You believe in expert marketing strategies of moustached-uncles sitting patiently inside wholesale shops of Sadar Bazaar, and indulge in ‘chai-pe-charcha’ for the latest political gossip, and immediately turn to your best buddies in need of a life-turning advice rather spending on professional psychiatrists.
Don’t worry, you are just an average Indian.
The country that contributed ‘jugaad’ as a new term in the Oxford Dictionary never gets exhausted in multiplying its resources. So if you haven’t yet traveled to the Indian capital of Delhi which boasts of manifest variety and diversity in terms of its people, places and profession, you will be in for a treat for the next few minutes.
To us as passers-by, a street barber on the middle of the road or at the ‘nukkad’, or along Delhi’s busy chowks might capture attention for two or three seconds for the uniqueness of location but not much thought goes beyond the surrounding. A street barber engrossed in his careful craft is usually of no interest to us. Working with such dedication and diligence, these street barbers are the cheapest grooming services available for the city’s huge lower, working class population with services ranging from Rs 10 to Rs 35 only.
Sitting throughout the day under sun and rain, waiting for customers, these barbers willingly follow the schedule just to earn in coins of tens and five.
The following photo essay will take you through one of the most common visuals around Delhi, a profession most underrated for the immediate services it has to offer:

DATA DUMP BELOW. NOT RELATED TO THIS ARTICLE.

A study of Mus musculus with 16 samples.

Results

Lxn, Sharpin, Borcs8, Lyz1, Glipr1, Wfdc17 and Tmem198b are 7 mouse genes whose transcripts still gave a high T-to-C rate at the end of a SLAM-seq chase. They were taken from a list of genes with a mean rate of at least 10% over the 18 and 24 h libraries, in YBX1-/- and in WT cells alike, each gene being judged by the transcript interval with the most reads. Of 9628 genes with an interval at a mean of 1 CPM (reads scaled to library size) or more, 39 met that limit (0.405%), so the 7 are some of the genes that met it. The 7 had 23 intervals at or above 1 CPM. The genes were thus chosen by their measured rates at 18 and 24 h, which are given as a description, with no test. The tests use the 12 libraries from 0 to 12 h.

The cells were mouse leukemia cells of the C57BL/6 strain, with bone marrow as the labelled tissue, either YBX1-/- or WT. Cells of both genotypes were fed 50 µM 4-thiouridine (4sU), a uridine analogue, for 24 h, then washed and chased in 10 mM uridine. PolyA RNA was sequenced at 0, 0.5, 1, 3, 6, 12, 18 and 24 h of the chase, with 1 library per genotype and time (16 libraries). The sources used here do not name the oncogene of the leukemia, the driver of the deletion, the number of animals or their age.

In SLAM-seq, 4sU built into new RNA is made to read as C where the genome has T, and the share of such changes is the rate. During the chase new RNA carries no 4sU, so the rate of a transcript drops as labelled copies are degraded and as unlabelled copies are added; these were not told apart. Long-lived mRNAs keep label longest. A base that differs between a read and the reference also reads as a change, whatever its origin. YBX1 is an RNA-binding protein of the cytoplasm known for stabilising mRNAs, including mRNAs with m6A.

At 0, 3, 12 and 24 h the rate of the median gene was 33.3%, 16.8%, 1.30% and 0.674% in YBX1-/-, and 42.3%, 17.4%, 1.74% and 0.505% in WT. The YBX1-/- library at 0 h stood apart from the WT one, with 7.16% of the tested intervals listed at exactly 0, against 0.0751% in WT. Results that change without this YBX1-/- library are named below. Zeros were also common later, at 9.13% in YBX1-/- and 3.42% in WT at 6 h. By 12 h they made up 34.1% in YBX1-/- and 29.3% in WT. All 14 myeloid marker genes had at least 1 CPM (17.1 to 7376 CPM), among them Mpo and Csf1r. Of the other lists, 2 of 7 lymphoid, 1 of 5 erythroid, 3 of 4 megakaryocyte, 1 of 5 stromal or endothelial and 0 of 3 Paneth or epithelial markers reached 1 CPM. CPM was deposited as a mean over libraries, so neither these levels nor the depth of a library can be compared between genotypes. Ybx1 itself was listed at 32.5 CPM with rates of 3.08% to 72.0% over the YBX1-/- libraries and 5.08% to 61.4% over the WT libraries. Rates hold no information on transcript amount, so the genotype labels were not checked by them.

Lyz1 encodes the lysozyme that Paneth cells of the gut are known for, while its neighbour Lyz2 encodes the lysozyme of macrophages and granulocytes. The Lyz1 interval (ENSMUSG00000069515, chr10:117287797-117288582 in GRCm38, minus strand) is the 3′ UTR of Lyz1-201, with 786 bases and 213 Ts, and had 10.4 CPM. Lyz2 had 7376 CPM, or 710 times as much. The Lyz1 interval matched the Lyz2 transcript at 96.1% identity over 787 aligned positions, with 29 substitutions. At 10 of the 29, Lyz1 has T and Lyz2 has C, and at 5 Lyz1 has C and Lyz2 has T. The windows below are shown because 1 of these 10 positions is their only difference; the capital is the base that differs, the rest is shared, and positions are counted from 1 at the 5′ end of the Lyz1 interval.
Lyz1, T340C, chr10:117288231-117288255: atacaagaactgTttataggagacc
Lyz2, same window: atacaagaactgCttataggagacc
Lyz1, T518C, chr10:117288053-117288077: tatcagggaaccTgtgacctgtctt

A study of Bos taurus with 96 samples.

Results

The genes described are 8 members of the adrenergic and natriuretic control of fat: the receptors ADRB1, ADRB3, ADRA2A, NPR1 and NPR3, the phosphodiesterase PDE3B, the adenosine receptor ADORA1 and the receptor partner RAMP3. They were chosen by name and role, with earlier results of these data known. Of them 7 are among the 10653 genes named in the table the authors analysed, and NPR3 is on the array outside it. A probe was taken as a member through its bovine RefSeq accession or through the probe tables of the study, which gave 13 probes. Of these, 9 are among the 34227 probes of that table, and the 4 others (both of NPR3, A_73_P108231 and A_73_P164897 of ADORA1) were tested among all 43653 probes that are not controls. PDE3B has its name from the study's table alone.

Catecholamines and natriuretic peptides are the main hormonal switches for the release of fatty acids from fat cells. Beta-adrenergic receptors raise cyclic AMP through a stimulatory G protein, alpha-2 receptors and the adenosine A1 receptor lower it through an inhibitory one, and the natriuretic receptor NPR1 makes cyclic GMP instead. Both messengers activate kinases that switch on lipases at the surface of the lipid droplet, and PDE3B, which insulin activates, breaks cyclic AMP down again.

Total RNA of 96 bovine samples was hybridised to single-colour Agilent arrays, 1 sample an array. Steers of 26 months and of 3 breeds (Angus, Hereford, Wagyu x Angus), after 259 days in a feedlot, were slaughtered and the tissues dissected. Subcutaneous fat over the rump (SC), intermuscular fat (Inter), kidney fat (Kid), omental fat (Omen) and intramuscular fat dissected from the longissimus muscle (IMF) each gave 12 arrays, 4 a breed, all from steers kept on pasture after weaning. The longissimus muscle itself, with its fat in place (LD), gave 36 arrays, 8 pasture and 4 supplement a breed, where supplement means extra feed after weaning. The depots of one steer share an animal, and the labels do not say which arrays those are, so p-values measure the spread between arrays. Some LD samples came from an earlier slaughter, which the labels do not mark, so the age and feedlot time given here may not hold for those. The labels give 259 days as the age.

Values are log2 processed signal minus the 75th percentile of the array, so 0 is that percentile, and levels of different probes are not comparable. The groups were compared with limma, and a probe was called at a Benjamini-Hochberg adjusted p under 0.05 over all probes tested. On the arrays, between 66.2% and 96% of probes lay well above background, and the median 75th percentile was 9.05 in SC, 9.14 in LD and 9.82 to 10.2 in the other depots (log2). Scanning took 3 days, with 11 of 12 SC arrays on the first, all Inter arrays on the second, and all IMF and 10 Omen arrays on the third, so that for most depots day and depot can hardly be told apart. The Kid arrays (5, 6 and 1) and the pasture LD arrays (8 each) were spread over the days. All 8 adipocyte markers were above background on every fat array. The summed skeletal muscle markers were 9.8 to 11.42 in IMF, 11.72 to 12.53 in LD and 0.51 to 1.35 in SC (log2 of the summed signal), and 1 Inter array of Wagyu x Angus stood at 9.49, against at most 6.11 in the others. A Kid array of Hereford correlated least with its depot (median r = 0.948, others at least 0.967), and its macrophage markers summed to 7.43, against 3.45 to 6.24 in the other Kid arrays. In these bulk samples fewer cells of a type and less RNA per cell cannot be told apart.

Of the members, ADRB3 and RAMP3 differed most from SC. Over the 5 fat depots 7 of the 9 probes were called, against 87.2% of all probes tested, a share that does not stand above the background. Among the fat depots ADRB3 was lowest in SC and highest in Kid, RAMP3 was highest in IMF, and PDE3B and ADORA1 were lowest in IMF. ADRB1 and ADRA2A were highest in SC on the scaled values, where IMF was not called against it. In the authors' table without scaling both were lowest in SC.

Your neighbourhood barber can give you some of the most engaging political discussions and business insights any time of the day,
Need a personal psychiatrist to advise you in matters ranging from friends to family to love, to workplace woes:
Most of these street barbers around the city are residents of Uttar Pradesh, Bihar, West Bengal, Jharkhand and the South. They left their homes in search of better opportunities, to catch their dreams years back. Looking at a deeper picture, most of these barbers working full time in makeshift tents are more than just barbers. They are audience to a plethora of street activities, deriving little moments of joy and despair, bouts of excitement with the traffic and rush at different times of the day:
The world moves by, but the barbers as silent spectators represent the lot of us witnessing the drama of life, remaining silent yet absorbing every detail.
And while he whips out a trimmer to rub it over your face, do not forget to pour a detailed look into the weapons of the roadside warrior:
And while you are away doing your daily chores, here’s what they do in wait of you:
He doesn’t mention it often but the street barber can manage to put a smile on your child’s face who gets grumpy seeing scissors and a comb:
While you must be thinking the boredom associated with his job, you have no idea how much he gets to see the entire day standing in the middle of the road:
your roadside barber will be there in the late evenings to listen to your boss’s complaints at the end of the day at the same time giving you a refreshing look for the next day:
The daily office chores annoy you, but imagine the struggle of this daily-wage labourer who sets out early morning, from Faridabad, from Ghaziabad and other suburbs of Delhi; laying out the entire street barber shop and not whining about his daily income which ranges between Rs 300 to 500 per day.
Photos & Text by Maariyah Siddique. She is a student of MA in Convergent Journalism at Jamia Millia Islamia, New Delhi.